Presbyterian Church (USA) may have as many as one-in-five of its members considering an exit from the mainline denomination, according to a recently released report.
In advance of the PC(USA)'s 222nd General Assembly in June, the largest Presbyterian Church in the nation released a report analyzing the diverse perspectives of its membership.
Titled "When We Gather at the Table: A PC(USA) Snapshot," the report sought to examine the identity of the denomination through the lenses of its members.
"Across the Presbyterian Church (U.S.A.), congregations, mid councils, and other interested
groups are discerning together who we are as a church and who God is calling us to be," stated the report.
"The Committee on the Office of the General Assembly (COGA) has also engaged in this discussion as it sought to understand the current nature of our ecclesiology, the theology of church."
The report created four categories for the respondents: "Purposeful Progressives," "Disappointed and Discerning," "Family Facilitators," and "Rooted and Resolute."
Nineteen percent of respondents were "Disappointed and Discerning," which was identified as 76 percent conservative, 23 percent moderate/mixed, and 1 percent liberal.
"Though the name given to this segment might appear to be strong, it truly reflects how they feel: forsaken, abandoned, and for some, held hostage by their denomination," continued the report.
"They are the most displeased. This group includes those who either (1) do not like their PC(USA) affiliation but are stuck in the denomination for various reasons, or (2) are conflicted and thinking about leaving the denomination."
Carmen Fowler LaBerge, president of the theologically conservative Presbyterian Lay Committee, was one of the 3,000+ respondents.
In an interview with The Christian Post, LaBerge said that she considered herself part of the "Disappoined and Discerning" category until a recent decision to join another church.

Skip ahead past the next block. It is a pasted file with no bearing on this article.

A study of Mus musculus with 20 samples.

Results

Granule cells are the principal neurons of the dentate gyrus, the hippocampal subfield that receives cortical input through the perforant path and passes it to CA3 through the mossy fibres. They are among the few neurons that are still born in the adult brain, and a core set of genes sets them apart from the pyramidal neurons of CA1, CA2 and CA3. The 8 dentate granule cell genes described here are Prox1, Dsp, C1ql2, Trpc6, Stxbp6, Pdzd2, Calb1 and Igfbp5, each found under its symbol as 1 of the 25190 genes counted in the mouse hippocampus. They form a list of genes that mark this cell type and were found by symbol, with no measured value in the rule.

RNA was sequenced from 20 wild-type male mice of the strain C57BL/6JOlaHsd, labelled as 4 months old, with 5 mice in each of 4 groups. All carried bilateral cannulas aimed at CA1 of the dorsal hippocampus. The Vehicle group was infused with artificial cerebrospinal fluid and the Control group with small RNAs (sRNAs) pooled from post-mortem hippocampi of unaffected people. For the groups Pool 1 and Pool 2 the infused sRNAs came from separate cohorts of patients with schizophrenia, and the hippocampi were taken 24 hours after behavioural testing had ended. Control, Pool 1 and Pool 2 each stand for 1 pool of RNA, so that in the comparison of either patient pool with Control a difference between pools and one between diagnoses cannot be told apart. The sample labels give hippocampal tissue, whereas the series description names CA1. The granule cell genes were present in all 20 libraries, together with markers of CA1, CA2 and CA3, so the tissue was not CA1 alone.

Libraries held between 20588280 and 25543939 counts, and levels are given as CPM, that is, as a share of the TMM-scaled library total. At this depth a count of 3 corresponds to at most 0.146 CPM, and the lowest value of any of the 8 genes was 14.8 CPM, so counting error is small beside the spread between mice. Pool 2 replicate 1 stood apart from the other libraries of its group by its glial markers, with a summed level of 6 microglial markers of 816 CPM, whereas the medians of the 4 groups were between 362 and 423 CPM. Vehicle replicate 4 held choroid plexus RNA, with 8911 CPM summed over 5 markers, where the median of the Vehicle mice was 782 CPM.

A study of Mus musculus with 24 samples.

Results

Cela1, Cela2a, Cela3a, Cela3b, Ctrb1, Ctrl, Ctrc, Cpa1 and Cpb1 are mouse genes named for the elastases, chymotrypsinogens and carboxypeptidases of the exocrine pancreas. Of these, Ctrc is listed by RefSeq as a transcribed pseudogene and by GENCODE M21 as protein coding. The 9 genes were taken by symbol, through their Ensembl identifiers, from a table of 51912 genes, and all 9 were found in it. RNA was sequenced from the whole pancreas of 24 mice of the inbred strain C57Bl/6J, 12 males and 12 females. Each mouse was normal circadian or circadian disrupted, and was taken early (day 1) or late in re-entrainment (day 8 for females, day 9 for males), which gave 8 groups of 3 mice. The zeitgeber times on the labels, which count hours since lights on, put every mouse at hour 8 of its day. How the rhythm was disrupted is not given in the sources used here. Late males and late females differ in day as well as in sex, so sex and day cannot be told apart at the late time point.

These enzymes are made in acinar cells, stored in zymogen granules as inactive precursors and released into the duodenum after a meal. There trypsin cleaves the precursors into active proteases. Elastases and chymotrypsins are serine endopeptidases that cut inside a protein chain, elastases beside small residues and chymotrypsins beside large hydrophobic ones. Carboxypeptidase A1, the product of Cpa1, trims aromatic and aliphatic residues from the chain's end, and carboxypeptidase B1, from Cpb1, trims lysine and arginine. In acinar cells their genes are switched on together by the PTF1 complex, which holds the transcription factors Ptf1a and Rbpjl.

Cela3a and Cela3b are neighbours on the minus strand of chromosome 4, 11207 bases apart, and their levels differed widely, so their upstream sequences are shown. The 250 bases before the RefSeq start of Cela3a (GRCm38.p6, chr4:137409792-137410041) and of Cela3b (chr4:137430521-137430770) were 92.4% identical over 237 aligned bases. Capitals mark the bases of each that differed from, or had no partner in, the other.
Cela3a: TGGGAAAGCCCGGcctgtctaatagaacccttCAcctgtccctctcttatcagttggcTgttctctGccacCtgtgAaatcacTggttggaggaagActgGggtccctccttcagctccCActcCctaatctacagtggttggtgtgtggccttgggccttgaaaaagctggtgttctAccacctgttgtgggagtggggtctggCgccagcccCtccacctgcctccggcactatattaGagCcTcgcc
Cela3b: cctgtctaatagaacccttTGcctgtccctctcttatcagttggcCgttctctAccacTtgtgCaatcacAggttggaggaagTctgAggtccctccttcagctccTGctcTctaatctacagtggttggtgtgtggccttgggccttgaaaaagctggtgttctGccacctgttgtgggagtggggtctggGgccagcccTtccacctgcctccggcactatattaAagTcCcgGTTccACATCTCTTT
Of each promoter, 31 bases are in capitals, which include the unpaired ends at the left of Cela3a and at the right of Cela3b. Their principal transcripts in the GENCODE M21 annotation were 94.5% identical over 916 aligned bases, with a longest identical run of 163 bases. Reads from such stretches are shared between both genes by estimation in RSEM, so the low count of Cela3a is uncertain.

"The study confirms that the issues dividing the PCUSA are theological. There is not a shared understanding of what it means to be theologically Reformed nor what it looks like to live, individually or institutionally, submitted to the authority of God as revealed in the Bible," said LaBerge.
Regarding the possibility that as many as 19 percent of PC(USA) members are considering a departure from the denomination, LaBerge told CP that this means that hundreds of thousands are reconsidering their affiliation.
"If the segmentation accurately reflects the denomination as a whole, then some 300,000 members are discerning their denominational affiliation," continued LaBerge.
"The OGA projects a loss of 400,000 members by the end of 2020. That says to me that the denomination is not only unconcerned about the people in the D&D category, they've essentially already written them off."
According to the report, the largest category within the PC(USA) respondents was the "Purposeful Progressives" category, at 35 percent.
"Many in this group feel we need to get more involved in politics and in social action. They are less tolerant of conservative theologies within the denomination," explained the report.
"Some remain hopeful that conservatives who are upset with the 221st General Assembly (2014) decisions on marriage will see that there are different ways to interpret scripture, and will choose to stay and accept the changes, over time. Others would simply be happy if the conservatives left the PC(USA) …"
The "Purposeful Progressives" category was 85 percent liberal, 13 percent moderate/mixed, and 2 percent conservative.
Data for the report came from a joint effort by the Committee on the Office of the General Assembly (COGA) and the Presbyterian Mission Agency Research Services office.
"It outlines the results of the comprehensive effort made by COGA in late 2015 to dialogue with the church about who it is and what it is called to be," wrote Toya Richards, Assistant Stated Clerk of PC(USA).
"COGA, with the help of the Presbyterian Mission Agency Research Services office, invited anyone who wished to complete an online form with open-ended questions and to engage in group gatherings to talk about the PC(USA) in this current time and place. More than 3,000 Presbyterians responded and some 21,000 pieces of data came in."
"When We Gather at the Table" is not based off of a scientific survey, as the report itself notes occasional differences between known demographics of the Church and the sample space for their data.
"Findings from the resulting convenience sample will not be as generalizable as findings would be if they had been taken from a (random) probability sample," noted the report.
"However, an analysis of the demographics of those who participated in the study reveals that the sample somewhat matches the known demographics of Presbyterians as a whole."